What a pleasant surprise!

As a result of the news media, Colombia is probably one of the most misunderstood countries of the world. Most would never consider Colombia to be a travel destination, but the situation is changing and the word is getting out.

The New York Times and Lonely Planet Travel Guide both list Colombia as one of the top 10 must-travel-to destinations of 2010.

The country’s long civil war has subsided and this has attributed greatly to the rise in tourism. Long known for its drugs, violence and danger, in recent years there have been drastic improvements in the security and economy of the country and people are returning to find a paradise mostly undiscovered. Significant poverty and unemployment still exists, yet major efforts are underway by the government, nonprofit Colombian organizations and other countries to help improve the quality of life of the Colombian people. Besides being friendly and amicable people, Colombians are also hard workers and some of the happiest people in the world.

Colombia is a tropical country of incredible diversity, beauty and only a 2 1/2 hour flight from the United States. The size of California and Texas combined, its geography includes glaciers, beaches, plains, rainforests and deserts; its history is loaded with mystery and adventure; its people and cultures have fascinated the world for centuries. Many of the latest fashions and styles originate there, modern architecture abounds in the major cities, the latest medical technology is practiced and there is diverse cuisine for anyone’s palate. Known for its multicultural society, Colombia has influences from Europe, the Middle East, Africa and Native American cultures. There is a population of about 45 million people, making it the 25th largest country and the second largest Spanish speaking population (after Mexico) in the world.

Although excellent coffee, high quality emeralds and exotic flowers have made the country famous, Colombia is also the homeland of the famous writer and Nobel Prize winner, Gabriel Garcia Marquez; the world famous singer, Shakira and veteran race car driver, Juan Pablo Montoya. Coming to Colombia is discovering a completely new world and it can be difficult to choose from among the many destinations Colombia has to offer. With 32 departments (states), each has its own culture including food, music, accent, clothes and natural beauty.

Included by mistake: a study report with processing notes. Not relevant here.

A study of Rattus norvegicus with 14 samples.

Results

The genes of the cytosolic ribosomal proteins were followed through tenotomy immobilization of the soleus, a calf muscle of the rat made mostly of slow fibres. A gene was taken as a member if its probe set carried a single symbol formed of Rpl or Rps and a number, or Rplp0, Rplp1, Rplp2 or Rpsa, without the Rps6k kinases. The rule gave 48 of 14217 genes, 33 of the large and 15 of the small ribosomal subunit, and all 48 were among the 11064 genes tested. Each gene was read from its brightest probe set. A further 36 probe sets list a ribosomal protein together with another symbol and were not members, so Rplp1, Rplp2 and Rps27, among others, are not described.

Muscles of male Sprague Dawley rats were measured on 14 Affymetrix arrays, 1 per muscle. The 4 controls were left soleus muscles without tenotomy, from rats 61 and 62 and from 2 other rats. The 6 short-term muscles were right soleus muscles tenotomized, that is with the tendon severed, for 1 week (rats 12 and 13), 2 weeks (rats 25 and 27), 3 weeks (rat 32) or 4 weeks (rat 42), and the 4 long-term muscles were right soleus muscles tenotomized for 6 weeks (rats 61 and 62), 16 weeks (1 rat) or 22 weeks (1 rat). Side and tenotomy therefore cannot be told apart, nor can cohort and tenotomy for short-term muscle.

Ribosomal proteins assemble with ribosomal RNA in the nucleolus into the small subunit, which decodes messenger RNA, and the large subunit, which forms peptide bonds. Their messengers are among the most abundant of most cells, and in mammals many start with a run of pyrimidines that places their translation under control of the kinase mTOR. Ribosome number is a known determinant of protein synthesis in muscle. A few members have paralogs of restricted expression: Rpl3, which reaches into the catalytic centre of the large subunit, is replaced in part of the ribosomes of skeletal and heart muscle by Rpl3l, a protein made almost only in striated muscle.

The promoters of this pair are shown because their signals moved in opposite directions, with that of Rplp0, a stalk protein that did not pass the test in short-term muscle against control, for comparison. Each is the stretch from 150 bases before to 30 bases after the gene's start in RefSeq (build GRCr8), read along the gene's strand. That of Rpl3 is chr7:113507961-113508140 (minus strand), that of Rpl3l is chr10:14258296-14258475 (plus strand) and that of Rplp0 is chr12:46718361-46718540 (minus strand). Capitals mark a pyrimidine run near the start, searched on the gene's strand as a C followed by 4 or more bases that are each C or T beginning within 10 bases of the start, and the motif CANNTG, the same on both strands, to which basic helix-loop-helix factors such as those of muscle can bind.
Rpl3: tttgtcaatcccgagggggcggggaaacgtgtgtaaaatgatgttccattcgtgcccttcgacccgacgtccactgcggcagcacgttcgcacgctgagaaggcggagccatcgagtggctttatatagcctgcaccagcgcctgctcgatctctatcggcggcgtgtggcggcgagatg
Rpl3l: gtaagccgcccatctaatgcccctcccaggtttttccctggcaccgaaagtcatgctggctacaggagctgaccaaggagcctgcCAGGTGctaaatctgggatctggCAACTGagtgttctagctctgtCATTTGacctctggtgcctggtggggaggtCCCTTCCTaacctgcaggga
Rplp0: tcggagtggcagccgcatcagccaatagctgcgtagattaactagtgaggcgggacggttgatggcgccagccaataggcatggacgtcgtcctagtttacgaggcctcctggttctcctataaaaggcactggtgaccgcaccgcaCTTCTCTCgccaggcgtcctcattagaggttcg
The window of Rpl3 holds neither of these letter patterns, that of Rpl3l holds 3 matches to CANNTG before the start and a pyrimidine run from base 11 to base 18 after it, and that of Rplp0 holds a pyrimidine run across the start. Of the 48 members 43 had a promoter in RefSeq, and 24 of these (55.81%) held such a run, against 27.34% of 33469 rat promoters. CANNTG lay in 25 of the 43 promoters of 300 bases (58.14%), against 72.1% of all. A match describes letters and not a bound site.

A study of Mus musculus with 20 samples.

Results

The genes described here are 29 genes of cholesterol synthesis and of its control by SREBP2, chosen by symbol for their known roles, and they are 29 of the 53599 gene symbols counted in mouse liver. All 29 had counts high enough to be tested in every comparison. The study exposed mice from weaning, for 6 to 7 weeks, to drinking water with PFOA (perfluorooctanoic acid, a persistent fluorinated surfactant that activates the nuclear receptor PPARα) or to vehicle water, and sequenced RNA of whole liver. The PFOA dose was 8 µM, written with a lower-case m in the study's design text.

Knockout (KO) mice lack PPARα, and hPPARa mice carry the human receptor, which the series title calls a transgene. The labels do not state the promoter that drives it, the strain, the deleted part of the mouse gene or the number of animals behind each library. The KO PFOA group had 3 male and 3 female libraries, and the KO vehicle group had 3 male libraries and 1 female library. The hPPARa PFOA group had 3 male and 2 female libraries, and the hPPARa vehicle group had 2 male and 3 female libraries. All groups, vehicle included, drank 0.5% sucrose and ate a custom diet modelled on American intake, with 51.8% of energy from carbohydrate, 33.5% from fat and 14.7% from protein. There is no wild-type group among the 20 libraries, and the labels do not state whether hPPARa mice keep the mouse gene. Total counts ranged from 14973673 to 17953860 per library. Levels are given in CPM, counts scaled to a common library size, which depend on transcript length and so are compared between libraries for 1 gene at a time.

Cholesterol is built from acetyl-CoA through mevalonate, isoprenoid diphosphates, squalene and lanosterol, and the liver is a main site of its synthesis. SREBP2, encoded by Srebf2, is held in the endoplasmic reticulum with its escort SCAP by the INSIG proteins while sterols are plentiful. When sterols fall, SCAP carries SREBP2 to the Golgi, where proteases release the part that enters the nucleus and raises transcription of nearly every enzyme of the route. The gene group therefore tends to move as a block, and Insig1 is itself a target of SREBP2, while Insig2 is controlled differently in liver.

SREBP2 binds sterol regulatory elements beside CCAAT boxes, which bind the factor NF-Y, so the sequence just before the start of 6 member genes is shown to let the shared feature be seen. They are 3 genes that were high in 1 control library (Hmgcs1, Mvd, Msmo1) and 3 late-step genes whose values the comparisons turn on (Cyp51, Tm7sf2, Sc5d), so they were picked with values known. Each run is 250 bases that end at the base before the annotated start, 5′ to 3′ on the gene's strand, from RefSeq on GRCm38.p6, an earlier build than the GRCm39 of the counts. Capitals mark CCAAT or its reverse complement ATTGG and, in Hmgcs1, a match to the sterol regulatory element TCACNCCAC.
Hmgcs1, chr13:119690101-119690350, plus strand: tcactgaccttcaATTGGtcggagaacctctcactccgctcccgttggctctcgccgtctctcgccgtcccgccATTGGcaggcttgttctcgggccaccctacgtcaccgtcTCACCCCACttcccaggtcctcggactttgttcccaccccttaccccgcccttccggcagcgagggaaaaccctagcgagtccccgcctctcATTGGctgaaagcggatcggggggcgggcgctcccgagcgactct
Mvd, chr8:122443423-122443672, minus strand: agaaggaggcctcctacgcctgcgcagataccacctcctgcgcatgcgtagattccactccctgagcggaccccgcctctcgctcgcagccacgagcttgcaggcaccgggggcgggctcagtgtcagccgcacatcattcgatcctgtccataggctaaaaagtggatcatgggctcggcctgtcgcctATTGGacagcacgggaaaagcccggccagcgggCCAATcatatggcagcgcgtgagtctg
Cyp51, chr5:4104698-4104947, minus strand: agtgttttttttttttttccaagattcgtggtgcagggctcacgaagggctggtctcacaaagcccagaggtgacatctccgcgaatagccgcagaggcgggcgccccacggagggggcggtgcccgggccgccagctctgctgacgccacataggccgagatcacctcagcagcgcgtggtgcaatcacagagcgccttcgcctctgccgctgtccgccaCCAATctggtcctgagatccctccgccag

Two examples of the major Colombian cities where Friends for Colombia works to support nonprofit organizations are Bogota and Cartagena.

Bogota: Colombia’s capital is a modern, cosmopolitan city located at more than 8,500 feet above sea level. Its 8 million inhabitants come from all over Colombia and make it as diverse as the whole country. The city boasts an efficient mass transport system, many parks and large open spaces, modern shopping malls, and architecture spanning four centuries of history. Bogota’s rich culture includes a plethora of museums, art galleries, universities, theatre, music, dance and wonderful restaurants representing cuisines from all over world. It is a hub for global business. One must visit Bogota many times to really get to know it.

Cartagena: Colombia’s pearl of the Caribbean is experiencing a rebirth with visitors from all over the world walking its colorful Spanish colonial cobblestone streets inside the 400 hundred year old wall encircling the city. Beauty pageants, music and dance festivals keep the city swinging after dark and white sand beaches and crystal-clear water abound. Large, new high rise apartment buildings are springing up and from the air Cartagena looks like Miami Beach. This seaport city of over 1 million residents received nearly 200 cruise ships during the 2009-2010 season.

Since Colombia is not a well known tourist destination, the goal of Friends for Colombia is to help others discover the reality of what Colombia is and has to offer. Wonderful opportunities also exist for visitors to get to know and help the many wonderful Colombians faced with poverty and social challenges.

As the Colombian Department of Tourism says, “Colombia, the only risk is wanting to stay.” We think you’ll agree with the many visitors who have found this to be true!